I just had my implants done 8.5 months ago. My left implant has a capsule they told me to take vitamin e and massage. I noticed this first 3 months after surgery, it’s gotten a lot worse since then. I don’t have to pay for this to be fixed do I? Should be covered in the first year isn’t that right?
Thanks for your question. Unfortunately this rarely happens that one develops a capsular contracture this early. Insurance does not cover this to fix it. Depending on which implants you have, a portion of the surgical cost to correct capsular contracture may be covered. However, you may still have an out of pocket cost. My method to correct this is to remove the implant as well as the capsule. This can also happen again. If someone has recurrent capsular contracture several times, then I would consider taking out the implant and leaving them out for several months. I also send cultures at the time of surgery.
Please visit your plastic surgeon to go over all of your options.
Treatment of capsular contracture depends on how far along the contracture is (Grade 2, 3, or 4). Ask your surgeon if montelukast would help. Depending on which implant company warranty you have, some costs may be covered. Ultrasound treatment may help also.
Capsular contracture is not rare at three months out, as bleeding and/or implant contamination at the time of surgery are the likely causes. Massage neither prevents nor treats it, same with vitamin E and ultrasound. Efficacy of Montelukast (Singulair) has no good data to support using, and certainly not in someone who’s experiencing worsening symptoms. Your only recourse is a surgery through an inframammary incision to remove the entire scar capsule and implant, and replace with a new implant using an implant delivery funnel. In other words, going to a very experienced surgeon who is willing to perform evidence based best practices.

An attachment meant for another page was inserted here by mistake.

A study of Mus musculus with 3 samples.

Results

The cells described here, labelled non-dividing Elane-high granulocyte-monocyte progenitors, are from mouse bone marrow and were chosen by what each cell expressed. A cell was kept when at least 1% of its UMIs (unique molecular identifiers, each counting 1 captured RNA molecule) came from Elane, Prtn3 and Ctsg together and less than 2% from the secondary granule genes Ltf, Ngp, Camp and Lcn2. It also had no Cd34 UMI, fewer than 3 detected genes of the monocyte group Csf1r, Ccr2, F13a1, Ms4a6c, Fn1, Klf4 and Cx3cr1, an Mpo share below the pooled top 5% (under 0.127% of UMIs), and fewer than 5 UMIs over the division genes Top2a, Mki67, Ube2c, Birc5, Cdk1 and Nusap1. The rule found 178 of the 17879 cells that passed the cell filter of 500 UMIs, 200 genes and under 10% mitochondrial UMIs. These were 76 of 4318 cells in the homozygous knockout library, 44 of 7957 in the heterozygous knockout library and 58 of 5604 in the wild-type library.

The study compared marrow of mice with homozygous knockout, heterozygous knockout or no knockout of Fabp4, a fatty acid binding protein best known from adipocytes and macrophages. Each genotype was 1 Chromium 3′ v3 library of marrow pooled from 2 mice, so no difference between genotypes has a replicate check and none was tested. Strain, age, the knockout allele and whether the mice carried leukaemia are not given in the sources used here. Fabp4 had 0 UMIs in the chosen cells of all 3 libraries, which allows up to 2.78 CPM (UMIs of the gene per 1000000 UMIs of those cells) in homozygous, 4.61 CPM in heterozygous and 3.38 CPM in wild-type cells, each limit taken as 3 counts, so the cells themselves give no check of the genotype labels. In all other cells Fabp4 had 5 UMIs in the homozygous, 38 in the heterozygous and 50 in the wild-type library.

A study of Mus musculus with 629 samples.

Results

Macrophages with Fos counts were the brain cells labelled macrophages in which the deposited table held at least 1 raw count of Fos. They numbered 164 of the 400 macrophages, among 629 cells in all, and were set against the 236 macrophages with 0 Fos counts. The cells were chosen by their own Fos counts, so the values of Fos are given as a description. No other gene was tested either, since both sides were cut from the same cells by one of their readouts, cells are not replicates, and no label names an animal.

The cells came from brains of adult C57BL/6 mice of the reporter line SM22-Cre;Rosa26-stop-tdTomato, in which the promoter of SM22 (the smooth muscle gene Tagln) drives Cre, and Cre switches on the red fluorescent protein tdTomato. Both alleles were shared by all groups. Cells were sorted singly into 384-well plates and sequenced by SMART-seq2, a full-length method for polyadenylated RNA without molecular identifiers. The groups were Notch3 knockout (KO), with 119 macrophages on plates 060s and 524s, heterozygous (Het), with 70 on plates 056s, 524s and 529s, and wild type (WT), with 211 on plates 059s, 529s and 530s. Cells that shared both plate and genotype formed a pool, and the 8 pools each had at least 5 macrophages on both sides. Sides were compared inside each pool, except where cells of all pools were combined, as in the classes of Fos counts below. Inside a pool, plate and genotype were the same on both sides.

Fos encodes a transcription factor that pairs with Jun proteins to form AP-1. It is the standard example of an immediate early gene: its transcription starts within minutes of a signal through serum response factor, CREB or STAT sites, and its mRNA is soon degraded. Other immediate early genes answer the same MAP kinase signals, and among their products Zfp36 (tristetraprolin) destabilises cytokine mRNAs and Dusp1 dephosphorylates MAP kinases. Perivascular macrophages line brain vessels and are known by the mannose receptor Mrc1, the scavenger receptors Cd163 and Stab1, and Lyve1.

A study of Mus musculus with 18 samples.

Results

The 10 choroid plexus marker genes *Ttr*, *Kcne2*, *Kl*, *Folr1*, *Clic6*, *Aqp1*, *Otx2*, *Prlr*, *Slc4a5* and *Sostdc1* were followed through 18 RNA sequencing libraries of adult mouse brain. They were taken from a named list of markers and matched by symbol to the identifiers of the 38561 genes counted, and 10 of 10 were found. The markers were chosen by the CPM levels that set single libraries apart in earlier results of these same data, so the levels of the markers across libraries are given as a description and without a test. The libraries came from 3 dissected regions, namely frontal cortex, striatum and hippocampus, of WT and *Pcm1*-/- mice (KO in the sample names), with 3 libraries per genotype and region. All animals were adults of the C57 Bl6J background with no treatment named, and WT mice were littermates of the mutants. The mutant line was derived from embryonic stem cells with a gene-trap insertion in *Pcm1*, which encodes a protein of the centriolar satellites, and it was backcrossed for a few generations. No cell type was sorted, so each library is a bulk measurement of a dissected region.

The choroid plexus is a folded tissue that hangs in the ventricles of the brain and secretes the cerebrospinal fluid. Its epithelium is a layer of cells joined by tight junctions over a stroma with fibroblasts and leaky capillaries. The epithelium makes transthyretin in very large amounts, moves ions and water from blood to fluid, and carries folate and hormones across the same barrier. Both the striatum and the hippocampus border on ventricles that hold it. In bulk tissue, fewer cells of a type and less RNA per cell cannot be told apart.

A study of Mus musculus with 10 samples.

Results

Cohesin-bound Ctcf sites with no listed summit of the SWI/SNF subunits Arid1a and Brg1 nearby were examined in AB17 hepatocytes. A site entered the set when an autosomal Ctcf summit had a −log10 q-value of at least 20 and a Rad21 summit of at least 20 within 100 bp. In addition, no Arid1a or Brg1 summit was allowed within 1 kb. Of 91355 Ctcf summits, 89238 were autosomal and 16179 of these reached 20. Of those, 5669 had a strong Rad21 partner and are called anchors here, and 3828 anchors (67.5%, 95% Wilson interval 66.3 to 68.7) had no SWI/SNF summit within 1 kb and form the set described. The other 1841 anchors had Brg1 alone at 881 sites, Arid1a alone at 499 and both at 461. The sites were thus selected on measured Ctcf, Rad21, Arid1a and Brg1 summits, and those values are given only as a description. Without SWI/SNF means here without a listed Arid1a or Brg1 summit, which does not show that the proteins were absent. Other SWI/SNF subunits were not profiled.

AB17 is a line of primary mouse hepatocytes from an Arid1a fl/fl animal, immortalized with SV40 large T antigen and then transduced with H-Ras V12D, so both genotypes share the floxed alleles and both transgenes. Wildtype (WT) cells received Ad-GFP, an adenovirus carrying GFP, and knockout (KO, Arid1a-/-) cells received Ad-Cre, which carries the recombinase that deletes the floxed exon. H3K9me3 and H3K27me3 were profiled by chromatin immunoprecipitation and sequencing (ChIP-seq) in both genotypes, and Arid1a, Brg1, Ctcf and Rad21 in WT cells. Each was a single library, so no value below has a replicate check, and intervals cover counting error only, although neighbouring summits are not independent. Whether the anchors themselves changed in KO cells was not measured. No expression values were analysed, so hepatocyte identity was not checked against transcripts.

I've not found that capsular contracture is a reimbursable expense following augmentation mammaplasty. It is not an uncommon occurrence following surgery and may occur in one or both breasts. It can be due to implant contamination with bacteria or excessive bleeding after surgery. Most surgeons will allow the process to stabilize before re-operating. Release and/or removal of the scar with new implant placement will correct the majority of patients. It is frustrating for patients with significant degrees of contraction but it is an improvable situation. Best of Luck Dr Harrell
As mentioned, the implant companies have different policies to defer some of the costs of treating capsular contracture with surgery. If your condition is worsening, you should return to your surgeon for a re evaluation and discussion of options, including removal of the capsule and implant, then replacement with a new implant.
Thank you for sharing your question and I am sorry to hear of your CC. Unfortunately as a breast augmentation is an aesthetic procedure you may face costs associated with reoperation including surgeon, anesthesia, and facility fees. Some implants have a warranty that can provide you with monies to help defray the cost so be sure to discuss with your surgeon, they should provide you with all relevant information.